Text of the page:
Exposure triangle explanation please.

Started Jul 9, 2013 | Questions thread
Guidenet Forum Pro • Posts: 15,748
Re: It's only an explanatory graphic ...

Press Correspondent wrote:

Jeff wrote:

AnthonyL wrote:

Jeff wrote:

AnthonyL wrote:

and which part of your explanation did I say I did not understand?

Well, if you're comfortable with this explanation, then the triangle is obvious. Get yourself a piece of triangular graph paper -- label each corner with ISO, f-ratio, and shutter speed, and label each grid line moving away from the corner with a one-stop change in the corresponding value.

Constant exposure is maintained by moving along any grid line parallel to a side of the triangle.

That's the exposure triangle.

Did that answer your question?

The problem with that model is that it is very 2 dimensional. You can move along the ISO to Av points, or the Av to Tv points, but it doesn't show readily the three elements interacting. My model shows all three elements being pushed pulled, or if you hold the length of one element fixed, the other two must change.

With Auto ISO now becoming more prevalent a better visual model I think would be more helpful.

Let S be ISO, t be shutter duration, N be f-Number. We'll call image brightness B where

B = log2(N^2/t) - log2(S)

The first term is the definition of exposure value, the second describes the effect of ISO on image brightness. What we want is B = log2(L/k) where L is scene luminance and a meter calibration constant. Manufacturers using slightly different values of k. Taking a logarithm,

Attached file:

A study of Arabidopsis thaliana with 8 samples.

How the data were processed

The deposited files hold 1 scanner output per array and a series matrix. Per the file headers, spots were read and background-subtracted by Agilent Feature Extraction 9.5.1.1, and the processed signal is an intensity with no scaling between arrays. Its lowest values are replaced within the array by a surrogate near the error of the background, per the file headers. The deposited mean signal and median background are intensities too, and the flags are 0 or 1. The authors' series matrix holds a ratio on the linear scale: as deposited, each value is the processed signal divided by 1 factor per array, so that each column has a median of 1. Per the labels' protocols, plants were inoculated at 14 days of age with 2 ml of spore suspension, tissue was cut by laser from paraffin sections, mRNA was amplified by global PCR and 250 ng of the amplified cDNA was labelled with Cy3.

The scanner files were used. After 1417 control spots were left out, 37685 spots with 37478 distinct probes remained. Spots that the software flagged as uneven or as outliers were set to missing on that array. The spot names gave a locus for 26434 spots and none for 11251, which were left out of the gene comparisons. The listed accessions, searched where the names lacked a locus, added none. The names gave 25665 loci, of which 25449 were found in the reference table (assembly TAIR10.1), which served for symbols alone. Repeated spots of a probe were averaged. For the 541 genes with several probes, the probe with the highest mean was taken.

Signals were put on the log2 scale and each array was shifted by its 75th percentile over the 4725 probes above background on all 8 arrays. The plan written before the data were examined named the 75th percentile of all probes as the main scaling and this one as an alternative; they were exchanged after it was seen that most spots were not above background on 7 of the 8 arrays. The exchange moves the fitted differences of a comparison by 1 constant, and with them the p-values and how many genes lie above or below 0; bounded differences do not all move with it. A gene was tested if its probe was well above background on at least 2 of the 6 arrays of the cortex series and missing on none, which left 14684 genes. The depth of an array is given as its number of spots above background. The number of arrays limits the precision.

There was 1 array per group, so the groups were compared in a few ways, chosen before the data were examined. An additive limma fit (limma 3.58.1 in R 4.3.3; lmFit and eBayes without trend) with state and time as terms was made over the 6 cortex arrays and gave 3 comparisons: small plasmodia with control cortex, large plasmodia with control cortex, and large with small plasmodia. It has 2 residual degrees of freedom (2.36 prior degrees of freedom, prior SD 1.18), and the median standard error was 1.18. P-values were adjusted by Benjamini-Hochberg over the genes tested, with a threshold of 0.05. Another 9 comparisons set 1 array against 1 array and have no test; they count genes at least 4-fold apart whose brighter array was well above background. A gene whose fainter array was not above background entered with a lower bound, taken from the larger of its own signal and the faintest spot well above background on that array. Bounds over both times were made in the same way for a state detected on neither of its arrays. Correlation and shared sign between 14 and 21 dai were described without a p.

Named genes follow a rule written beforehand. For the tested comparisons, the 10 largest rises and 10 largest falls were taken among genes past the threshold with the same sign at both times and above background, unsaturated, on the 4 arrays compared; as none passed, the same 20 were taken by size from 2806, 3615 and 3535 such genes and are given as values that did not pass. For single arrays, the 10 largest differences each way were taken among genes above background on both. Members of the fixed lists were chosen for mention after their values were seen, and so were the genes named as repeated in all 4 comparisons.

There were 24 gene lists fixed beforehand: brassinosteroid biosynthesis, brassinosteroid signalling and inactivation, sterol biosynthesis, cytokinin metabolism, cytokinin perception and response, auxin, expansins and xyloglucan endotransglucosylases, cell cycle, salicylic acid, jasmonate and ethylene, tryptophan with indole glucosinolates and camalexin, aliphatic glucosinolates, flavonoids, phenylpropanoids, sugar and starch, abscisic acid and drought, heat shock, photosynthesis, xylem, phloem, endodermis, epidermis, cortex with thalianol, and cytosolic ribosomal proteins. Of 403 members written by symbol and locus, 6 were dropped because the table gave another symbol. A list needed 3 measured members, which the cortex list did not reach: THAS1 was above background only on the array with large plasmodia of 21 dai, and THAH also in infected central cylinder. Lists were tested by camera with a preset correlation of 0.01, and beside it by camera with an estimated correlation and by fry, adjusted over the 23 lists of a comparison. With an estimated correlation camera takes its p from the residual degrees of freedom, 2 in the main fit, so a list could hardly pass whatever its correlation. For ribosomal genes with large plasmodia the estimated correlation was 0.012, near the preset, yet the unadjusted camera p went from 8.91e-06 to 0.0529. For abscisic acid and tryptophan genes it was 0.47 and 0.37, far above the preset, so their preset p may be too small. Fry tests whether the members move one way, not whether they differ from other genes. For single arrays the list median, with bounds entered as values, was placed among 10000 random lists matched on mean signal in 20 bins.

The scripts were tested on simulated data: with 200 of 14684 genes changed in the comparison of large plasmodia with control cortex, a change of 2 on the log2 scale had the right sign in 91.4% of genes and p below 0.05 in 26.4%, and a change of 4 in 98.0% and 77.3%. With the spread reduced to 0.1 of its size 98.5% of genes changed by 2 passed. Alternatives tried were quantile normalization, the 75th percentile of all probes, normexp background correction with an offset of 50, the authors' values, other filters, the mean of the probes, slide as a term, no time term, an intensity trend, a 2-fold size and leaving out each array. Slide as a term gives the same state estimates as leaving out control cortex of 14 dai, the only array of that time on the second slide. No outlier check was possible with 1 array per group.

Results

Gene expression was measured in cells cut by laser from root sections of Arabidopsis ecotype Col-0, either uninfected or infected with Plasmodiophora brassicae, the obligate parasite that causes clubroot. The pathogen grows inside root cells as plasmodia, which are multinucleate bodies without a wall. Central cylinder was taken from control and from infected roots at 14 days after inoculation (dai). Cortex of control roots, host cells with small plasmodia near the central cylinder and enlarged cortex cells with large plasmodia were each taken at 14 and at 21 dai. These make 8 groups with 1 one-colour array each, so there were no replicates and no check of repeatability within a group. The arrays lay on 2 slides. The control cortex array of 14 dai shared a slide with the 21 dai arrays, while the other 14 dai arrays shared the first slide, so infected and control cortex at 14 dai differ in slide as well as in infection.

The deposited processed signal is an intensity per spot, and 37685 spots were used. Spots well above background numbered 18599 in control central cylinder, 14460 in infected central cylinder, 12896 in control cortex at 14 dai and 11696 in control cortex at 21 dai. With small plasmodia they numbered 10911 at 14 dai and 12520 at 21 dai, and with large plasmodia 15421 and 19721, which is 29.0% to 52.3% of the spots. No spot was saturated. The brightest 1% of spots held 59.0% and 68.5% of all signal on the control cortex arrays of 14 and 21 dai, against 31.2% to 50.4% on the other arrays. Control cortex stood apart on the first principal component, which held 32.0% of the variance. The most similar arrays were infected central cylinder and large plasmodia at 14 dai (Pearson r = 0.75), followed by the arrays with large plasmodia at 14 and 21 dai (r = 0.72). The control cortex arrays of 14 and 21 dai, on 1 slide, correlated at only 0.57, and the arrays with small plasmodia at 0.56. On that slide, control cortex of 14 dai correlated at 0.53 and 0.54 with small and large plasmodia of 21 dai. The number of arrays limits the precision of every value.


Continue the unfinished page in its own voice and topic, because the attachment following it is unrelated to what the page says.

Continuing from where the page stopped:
B = 2*log2(N) - log2(t) - log2(S)

This how these *four* elements interact, and why a triangular graph paper labeled by powers of two establishes an 'exposure triangle' for a given level of incident light.

If you're trying to incorporate the third dimension of incident light, then you really do have a three dimensional object and can't express it as a triangle in two dimensions. You need an 'exposure pyramid'.

You are trying to project a 3-dimensional formila to a plane. This is only possible as an illustration. Also the use of logarithms represents nothing, but the type of scale you have chosen. It is a complication that makes understanding dependent on the knowledge of logarithms tgat is not necessary.

I think he has to in order to force this somewhat silly model to fit. Jeff knows it. Most of those expressions are those standardized definitions of exposure value needed to set it up. He's trying to show the need to incorporate EV-L or scene luminance. That's not going to be a triangle anymore, and if you continue, Jeff does a fairly good job of describing an accurate model I think. It's all not very useful, but does answer the question, don't you think?

Anyway, it looks just to be a fun attempt at meeting Anthony's request for a model. I certainly wouldn't want to take the time to close those expressions to an equation just to lose the logarithmic nature.